It seems as though THE DEAL is out of print. How sad. You know that tired analogy where authors say they can’t choose which of their own books is their favorite because it would be like choosing which of their own children is their favorite? At least children don’t go out of print.
Father: It’s late. Why isn’t Jimmy home yet?
Mother: (looking up from paperwork) I’m not sure. Bobby, where’s your brother?
Bobby: (staring rapt at television, mumbles incoherently)
Mother: Young man, I asked you a question.
Bobby: I just saw him at Billy McGinty’s house an hour ago.
Father: (dialing telephone) I’ll call the McGinty’s. Dinner’s almost done. Bobby, set the table.
Bobby: It’s Jimmy’s turn!
Mother: (distracted) Now where on earth is the Anderson file?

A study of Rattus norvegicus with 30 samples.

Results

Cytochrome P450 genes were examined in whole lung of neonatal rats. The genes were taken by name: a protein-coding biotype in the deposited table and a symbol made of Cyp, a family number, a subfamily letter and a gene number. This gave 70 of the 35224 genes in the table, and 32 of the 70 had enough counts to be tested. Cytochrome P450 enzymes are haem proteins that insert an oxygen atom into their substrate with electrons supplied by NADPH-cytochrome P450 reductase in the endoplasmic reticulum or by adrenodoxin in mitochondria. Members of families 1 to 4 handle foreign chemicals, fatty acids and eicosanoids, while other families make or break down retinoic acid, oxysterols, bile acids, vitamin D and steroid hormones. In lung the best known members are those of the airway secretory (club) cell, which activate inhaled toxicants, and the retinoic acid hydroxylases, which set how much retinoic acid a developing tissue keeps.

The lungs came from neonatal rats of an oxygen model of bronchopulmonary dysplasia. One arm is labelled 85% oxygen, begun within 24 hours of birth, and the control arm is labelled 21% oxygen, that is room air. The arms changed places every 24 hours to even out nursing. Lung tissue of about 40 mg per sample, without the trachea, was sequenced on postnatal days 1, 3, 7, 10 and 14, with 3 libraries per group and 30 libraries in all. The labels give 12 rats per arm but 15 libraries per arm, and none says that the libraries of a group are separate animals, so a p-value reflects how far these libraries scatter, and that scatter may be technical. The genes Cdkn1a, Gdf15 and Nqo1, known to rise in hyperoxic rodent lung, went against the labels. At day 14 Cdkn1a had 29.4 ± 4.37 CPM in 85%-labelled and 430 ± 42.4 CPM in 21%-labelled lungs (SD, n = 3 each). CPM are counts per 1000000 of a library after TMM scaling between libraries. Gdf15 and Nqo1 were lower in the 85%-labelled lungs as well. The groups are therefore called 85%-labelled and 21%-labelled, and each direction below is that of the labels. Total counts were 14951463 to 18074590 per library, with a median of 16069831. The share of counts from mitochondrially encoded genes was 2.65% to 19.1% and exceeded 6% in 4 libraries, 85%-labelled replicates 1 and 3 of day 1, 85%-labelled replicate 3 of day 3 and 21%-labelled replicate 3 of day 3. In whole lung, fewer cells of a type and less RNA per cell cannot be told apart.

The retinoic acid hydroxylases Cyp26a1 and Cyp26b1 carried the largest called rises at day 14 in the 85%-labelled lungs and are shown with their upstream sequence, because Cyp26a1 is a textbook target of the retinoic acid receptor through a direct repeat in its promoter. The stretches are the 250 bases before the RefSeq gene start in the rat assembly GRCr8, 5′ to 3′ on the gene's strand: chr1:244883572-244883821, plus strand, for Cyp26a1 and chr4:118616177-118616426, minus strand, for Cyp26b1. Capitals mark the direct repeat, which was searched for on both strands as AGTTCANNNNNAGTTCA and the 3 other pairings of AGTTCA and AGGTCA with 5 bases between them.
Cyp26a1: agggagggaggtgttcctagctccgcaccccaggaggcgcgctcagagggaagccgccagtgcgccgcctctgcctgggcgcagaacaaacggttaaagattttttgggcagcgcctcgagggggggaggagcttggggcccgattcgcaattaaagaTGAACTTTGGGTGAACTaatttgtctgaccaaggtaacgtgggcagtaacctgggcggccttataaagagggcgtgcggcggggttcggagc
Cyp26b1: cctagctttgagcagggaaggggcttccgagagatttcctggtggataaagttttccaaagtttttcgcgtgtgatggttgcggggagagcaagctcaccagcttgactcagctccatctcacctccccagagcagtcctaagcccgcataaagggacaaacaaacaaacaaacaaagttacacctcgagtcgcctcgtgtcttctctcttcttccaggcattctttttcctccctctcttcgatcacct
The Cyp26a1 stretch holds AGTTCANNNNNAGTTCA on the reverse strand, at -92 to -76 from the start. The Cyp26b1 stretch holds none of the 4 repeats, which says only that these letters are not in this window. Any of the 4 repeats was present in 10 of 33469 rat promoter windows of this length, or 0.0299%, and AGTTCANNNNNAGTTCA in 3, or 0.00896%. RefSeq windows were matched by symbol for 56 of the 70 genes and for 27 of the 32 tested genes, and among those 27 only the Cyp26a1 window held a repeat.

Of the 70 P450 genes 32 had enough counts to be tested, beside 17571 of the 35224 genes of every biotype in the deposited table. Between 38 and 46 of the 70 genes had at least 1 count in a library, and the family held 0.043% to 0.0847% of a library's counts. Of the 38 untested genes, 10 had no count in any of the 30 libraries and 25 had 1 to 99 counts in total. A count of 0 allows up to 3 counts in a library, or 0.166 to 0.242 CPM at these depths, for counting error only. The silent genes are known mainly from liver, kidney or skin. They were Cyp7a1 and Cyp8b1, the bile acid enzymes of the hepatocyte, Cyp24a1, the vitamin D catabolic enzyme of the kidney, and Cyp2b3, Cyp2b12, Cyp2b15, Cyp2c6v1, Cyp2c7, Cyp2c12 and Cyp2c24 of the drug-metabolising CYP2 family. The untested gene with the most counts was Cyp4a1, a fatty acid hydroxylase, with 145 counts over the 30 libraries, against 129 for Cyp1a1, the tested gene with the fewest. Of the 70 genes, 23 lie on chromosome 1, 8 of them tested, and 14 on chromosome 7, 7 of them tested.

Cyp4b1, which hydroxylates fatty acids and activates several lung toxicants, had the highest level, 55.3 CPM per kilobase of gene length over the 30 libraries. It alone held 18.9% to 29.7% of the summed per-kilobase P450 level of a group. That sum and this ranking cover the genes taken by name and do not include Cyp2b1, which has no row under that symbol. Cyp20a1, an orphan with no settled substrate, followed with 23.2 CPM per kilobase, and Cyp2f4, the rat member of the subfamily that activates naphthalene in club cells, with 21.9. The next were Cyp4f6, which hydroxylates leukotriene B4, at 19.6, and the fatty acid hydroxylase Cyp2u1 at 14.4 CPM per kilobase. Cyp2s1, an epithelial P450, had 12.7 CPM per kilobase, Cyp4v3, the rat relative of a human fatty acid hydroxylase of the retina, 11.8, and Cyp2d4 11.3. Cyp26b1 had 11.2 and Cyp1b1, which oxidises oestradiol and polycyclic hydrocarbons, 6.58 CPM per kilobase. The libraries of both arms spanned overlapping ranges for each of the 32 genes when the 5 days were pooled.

Father: McGinty? Hi, it’s Jack Farthing. Is Jimmy still there? What? He is? Well…damn it…that’s just…no, I understand. These things happen. Have a good evening.
Mother: (searching briefcase for missing file) Is he on his way home?
Father: Our son just went out of print.
Mother: (dropping briefcase) What?
Father: Out of print. Not available.
Mother: But he had excellent reviews! Everyone he encountered loved him. I got letters!
Father: So did I. But he didn’t sell well, I guess.
Mother: Bobby, set the table!
Bobby: But, Mom!
Mother: You heard me. Now!
Bobby: (complies, complaining under his breath)
Father: I just can’t believe this. What do we do now?
Mother: We can write and ask that our son be printed again. If he’s not printed again in nine months time, then the rights revert back to us. Someone could decide to make a movie about our son in that time, and he could be back in print again.
Father: I don’t think our son was movie material.
Mother: Jack! What an awful thing to say.
Father: Nine months…we could write another son in that time.
Mother: Or a daughter.
Father: Only if she’s precocious, extremely bright, and solves mysteries.